We’ve all been there. We come to a crossroads with someone in our lives and realize that we can’t move forward with them for some reason. We worry. We fret. We feel tremendous guilt. And quite frankly, we wonder if it goes against our faith to simply remove them from our lives. Is it ever okay to cut a person out of your life? In short, yes. But, before you take a knife to the chopping block, there are things to consider:
Am I taking it too far?
Disagreeing with someone in your life is not the same as being harmed by them. There are a great many ways for differing opinions to divide people. But we must remember that someone disagreeing with our opinion is not the same as someone being against us. As believers, we should be able to have disagreements while still understanding (and respecting) the other person’s viewpoint. You never know the faith-value you may add to a difficult person’s life, and should consider whether or not God has placed you in their lives for a reason, or them in yours.
Have they proven themselves untrustworthy?
Relationships are built on trust. For some, this is a hard concept to grasp and they will continually allow an untrustworthy person to remain in their lives for fear that they are being unfair. But, once you determine that someone in your life cannot be trusted, is it really to your advantage to keep them close? If someone has taken actions that prove themselves untrustworthy, believe them. People will show you who they are. Remove them before the harm becomes irreparable.
Am I being manipulated?
People, who are in your life with only themselves in mind, truly don’t want to be in it for the right reason. Don’t allow yourself to be taken advantage of. Relationships are a give and take. And while I truly believe that people are placed in our lives for specific reasons, it doesn’t mean that we have to allow them access to us if they clearly don’t have our best interests at heart. If you are always giving because there’s nothing left to take, you are being taken advantage of. It’s time to break away.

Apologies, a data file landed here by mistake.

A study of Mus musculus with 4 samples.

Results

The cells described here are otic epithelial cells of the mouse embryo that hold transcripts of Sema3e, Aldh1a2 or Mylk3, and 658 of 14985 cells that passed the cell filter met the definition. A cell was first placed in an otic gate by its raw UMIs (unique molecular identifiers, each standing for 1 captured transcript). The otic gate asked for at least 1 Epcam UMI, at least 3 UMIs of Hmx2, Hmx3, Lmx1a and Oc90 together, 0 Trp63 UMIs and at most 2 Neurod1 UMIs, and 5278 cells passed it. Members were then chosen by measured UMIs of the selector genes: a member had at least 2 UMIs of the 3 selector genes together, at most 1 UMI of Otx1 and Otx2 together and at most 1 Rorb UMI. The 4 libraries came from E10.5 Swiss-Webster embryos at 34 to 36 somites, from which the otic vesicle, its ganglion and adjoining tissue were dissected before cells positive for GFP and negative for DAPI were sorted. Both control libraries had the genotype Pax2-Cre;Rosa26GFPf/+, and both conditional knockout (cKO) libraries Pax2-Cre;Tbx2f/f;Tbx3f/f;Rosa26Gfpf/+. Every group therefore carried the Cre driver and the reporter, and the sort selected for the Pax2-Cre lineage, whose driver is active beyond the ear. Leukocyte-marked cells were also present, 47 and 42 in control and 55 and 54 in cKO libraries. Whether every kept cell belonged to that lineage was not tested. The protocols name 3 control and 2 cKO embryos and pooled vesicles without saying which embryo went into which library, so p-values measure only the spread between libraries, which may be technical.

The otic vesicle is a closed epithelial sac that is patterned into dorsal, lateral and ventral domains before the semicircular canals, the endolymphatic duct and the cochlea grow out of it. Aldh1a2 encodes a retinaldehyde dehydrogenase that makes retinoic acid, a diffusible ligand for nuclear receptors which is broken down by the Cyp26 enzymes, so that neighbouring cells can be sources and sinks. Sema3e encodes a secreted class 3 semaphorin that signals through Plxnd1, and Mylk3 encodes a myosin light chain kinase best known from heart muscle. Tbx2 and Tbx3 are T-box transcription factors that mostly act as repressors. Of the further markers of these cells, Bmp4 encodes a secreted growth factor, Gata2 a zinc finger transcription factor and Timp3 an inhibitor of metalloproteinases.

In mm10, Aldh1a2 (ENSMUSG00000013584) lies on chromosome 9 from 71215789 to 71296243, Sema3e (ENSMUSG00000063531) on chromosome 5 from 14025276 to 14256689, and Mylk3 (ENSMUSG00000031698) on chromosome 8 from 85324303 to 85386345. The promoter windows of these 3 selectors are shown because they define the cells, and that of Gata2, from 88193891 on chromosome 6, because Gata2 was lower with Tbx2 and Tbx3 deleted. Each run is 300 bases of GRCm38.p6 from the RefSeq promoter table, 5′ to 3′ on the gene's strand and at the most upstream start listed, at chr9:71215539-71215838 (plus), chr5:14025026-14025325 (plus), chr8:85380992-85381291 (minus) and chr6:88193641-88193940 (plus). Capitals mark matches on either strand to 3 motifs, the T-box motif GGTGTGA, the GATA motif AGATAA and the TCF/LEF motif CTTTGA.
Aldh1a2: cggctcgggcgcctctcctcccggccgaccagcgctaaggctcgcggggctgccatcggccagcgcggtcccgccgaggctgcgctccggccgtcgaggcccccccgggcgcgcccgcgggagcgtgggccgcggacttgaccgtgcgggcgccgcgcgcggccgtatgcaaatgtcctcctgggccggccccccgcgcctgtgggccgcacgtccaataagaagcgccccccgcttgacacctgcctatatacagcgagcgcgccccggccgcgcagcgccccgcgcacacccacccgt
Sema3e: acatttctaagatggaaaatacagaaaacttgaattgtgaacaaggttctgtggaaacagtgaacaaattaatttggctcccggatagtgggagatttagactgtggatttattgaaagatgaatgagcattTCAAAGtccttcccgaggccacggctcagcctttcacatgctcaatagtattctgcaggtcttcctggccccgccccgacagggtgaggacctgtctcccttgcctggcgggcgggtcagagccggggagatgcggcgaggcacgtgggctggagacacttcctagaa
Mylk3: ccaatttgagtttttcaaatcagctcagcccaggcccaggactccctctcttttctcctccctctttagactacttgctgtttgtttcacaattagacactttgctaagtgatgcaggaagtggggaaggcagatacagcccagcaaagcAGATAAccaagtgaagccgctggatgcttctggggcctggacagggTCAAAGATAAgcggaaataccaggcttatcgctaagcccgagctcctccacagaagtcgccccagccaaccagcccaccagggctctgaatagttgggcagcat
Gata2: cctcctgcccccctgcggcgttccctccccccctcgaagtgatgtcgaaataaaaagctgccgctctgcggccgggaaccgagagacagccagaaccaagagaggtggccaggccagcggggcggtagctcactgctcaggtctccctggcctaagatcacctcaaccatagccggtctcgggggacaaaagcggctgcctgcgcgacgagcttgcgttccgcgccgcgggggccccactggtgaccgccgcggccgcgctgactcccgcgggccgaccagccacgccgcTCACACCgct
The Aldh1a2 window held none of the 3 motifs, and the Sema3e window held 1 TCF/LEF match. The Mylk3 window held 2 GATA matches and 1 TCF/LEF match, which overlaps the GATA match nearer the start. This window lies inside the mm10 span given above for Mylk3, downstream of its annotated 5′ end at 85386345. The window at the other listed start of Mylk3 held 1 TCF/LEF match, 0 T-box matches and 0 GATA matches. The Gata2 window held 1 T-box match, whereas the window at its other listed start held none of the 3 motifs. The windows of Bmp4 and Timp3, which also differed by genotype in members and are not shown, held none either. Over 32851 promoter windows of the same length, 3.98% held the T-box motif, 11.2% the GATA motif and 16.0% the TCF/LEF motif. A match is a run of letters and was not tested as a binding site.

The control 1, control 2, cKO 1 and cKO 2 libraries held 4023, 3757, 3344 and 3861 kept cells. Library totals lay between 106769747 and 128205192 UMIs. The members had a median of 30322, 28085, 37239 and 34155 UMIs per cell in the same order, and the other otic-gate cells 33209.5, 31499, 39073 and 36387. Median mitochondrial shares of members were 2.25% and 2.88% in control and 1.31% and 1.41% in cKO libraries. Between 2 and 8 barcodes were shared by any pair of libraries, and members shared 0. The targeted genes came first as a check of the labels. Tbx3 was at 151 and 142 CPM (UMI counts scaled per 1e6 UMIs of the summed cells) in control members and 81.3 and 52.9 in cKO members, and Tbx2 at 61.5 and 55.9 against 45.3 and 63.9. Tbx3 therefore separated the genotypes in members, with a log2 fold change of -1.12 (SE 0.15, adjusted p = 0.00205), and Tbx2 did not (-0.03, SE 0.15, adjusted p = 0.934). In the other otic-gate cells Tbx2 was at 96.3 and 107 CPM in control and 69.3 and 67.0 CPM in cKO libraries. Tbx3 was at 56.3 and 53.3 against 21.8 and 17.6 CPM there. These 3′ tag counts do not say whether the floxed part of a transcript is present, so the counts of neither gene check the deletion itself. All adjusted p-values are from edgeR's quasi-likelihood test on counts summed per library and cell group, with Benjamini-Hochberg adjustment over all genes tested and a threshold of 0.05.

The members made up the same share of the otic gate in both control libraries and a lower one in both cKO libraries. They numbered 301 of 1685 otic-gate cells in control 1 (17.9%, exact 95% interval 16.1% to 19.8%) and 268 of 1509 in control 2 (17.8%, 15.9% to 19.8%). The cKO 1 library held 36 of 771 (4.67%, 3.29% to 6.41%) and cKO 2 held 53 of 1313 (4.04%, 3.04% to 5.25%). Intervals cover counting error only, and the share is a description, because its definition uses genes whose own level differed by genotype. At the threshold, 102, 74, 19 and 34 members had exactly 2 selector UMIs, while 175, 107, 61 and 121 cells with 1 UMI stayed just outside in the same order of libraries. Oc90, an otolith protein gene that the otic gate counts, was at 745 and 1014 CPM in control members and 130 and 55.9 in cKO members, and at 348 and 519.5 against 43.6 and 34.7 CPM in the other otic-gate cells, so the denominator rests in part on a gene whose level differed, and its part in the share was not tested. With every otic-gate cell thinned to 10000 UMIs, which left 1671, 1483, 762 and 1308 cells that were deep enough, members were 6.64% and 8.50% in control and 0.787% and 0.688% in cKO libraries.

Am I in harm’s way?
This should go without saying. But, the same guilt that holds you in a disrespectful relationship with someone holds others in abusive relationships. It is extremely hard to remove someone from our lives, especially if we care deeply for them. But, if there is abuse of any kind: physical, mental, or emotional, you have every right to remove yourself from that situation by removing that person from your life. We are called to live in peace with others and to forgive—yes—but we are not called to live in harm. The truth is that even other believers can harm us in this way, and we are called to remove them (1 Corinthians 5:13). If someone’s behavior is harming you and their actions indicate that this will continue, cut them out.
We are allowed (and smart) to place boundaries around ourselves that protect our well-being. If we don’t—let’s face it—no one else will. Showing love and respect to others does not mean forgoing loving and respecting ourselves. God wants us to live in freedom so that we can positively impact the lives of others for Him. Make yourself as effective in that role as you can be, by freeing your life from people that would hold you back from doing so.